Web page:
GOVERNMENT & POLITICS
THE ITALIAN STATE
In 1948 a new constitution made Italy a parliamentary republic. Since
unification in 1861, Italy had been ruled under a statute of
constitutional monarchy that, as the years passed, took on an
increasingly parliamentary tone. This did not, however, signal broader
democracy, since it was within this system that Mussolini's Fascists
rose to power.
The new post-WWII constitution created a bicameral parliament,
consisting of a senate and a chamber of deputies. The difference between
the two house, which have equal legislative power, are relatively minor,
calling into question the need for such duplication. From the ranks of
the houses, governments and their prime minsters are formed and
officially appointed by the president, whose role as impartial guarantor
if the constitution is designed to help maintain stability and
accountability, although to a large extent the position is symbolic. The
president is elected by both houses of parliament and 58 regional
representatives for a seven-year term.
Since 1994 deputies and senators have been elected by a mixed voting
system. 75% based on the UK-style first-past-the-post system and 25% by
proportional representation. The previous system of 100% proportional
representation had encouraged the growth of a plethora of minor parties
and it was hoped that the reform would move Italy in the direction of
other western democracies that tend to be dominate by no more than two
or three major political parties or groupings. Although this has not
really happened, the many parties now tend to form coalitions. National
elections are meant to take place every five years, although frequently
they are brought forward.
On average 88% of Italians go to the polls. Although there has been
much talk of major constitutional reform since the Tangentopoli scandal
of the 1990s, little of note has been achieved. To the average Italian
voter, although some (but by no means all) of the faces have changed,
the system has remained largely untouched. Much talk of passing from the
"first" to the "second" republic is largely hot air as no substantial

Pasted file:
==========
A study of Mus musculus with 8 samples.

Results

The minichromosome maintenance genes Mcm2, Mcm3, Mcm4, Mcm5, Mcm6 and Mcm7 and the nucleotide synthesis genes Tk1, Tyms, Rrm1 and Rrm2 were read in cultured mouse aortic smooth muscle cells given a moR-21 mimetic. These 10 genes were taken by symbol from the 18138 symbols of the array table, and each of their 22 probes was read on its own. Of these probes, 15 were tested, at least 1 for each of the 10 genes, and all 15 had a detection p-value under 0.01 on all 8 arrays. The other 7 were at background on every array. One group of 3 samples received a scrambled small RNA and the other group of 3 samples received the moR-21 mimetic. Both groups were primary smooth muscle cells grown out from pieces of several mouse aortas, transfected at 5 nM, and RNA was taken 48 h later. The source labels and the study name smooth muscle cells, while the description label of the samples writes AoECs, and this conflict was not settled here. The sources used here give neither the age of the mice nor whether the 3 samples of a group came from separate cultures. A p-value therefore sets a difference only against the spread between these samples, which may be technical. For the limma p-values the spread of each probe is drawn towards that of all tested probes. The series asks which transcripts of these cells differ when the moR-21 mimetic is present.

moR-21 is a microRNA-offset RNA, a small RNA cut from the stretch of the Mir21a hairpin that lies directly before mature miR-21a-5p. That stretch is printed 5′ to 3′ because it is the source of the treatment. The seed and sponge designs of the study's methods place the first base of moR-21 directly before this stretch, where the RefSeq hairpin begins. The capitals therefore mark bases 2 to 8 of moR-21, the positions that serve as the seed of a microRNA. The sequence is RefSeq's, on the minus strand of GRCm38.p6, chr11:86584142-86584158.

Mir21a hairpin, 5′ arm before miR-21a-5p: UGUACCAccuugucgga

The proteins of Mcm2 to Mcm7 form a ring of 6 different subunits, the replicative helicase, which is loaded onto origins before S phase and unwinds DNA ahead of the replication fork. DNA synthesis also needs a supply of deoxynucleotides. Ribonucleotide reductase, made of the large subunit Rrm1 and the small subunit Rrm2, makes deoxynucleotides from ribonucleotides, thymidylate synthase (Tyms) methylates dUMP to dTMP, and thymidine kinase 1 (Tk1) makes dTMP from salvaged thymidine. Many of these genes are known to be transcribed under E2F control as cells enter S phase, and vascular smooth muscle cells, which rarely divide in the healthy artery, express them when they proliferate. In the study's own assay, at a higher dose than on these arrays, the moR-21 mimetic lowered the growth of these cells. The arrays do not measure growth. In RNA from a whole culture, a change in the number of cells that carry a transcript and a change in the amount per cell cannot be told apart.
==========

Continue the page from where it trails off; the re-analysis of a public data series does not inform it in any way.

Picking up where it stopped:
constitutional change has occurred.
The seat of national government is in Rome. The president resides in
Palazzo del Quirinale, the Chamber of Deputies sits in Palazzo
Montecitorio and the Senate in Palazzo Madama, near Piazza Navona.
At the time of writing, Italy's president is Carlo Azeglio Ciampi and
the prime minister is the somewhat controversial Silvio
Belusconi who heads
up Italy's 59th government since 1945.
For administrative purposes, Italy is divided into 20 regions (regioni),
which approximately correspond to the historical regions of the country.
The regions are divided into provinces(province), themselves
further divided into town councils (comuni).
Five regions (Sicily, Sardinia, Trentino-Alto Adige, Friuli-Venezia
Giulia and Valle d'Aosta) are semi-autonomous or autonomous, with
special powers granted under the constitution. Their regional assemblies
are similar to parliaments and they have a wider range or economic and
administrative powers than those of the other 15 Italian regions.
Indeed those remaining regions are the weakest element in the
country's political hierarchy. Each is ruled by a giunta
government) formed in elections (held every four years) to the consiglio
assembly). These parliaments only came into being in 1970 and the
regional governments, with no revenue-raising powers, remain little more
than an administrative link between the central state and local
government. They receive funds from the state and can legislate on a
limited field of issues such as tourism and the hospitality industry.
agriculture and forests, museums and libraries, some areas of
professional training, markets and fairs and so on. These regions, so
far with minimal results, are pushing for much wider-ranging powers and
a more genuine autonomy from the central government. Devolution in some
form is high on the current government's agenda.
provincial equivalent of the regional assembly, does the day-to-day work
of administration, usually in conjunction with the lowest tier of
government, thecomune, or
town council. Local government elections are held every five years.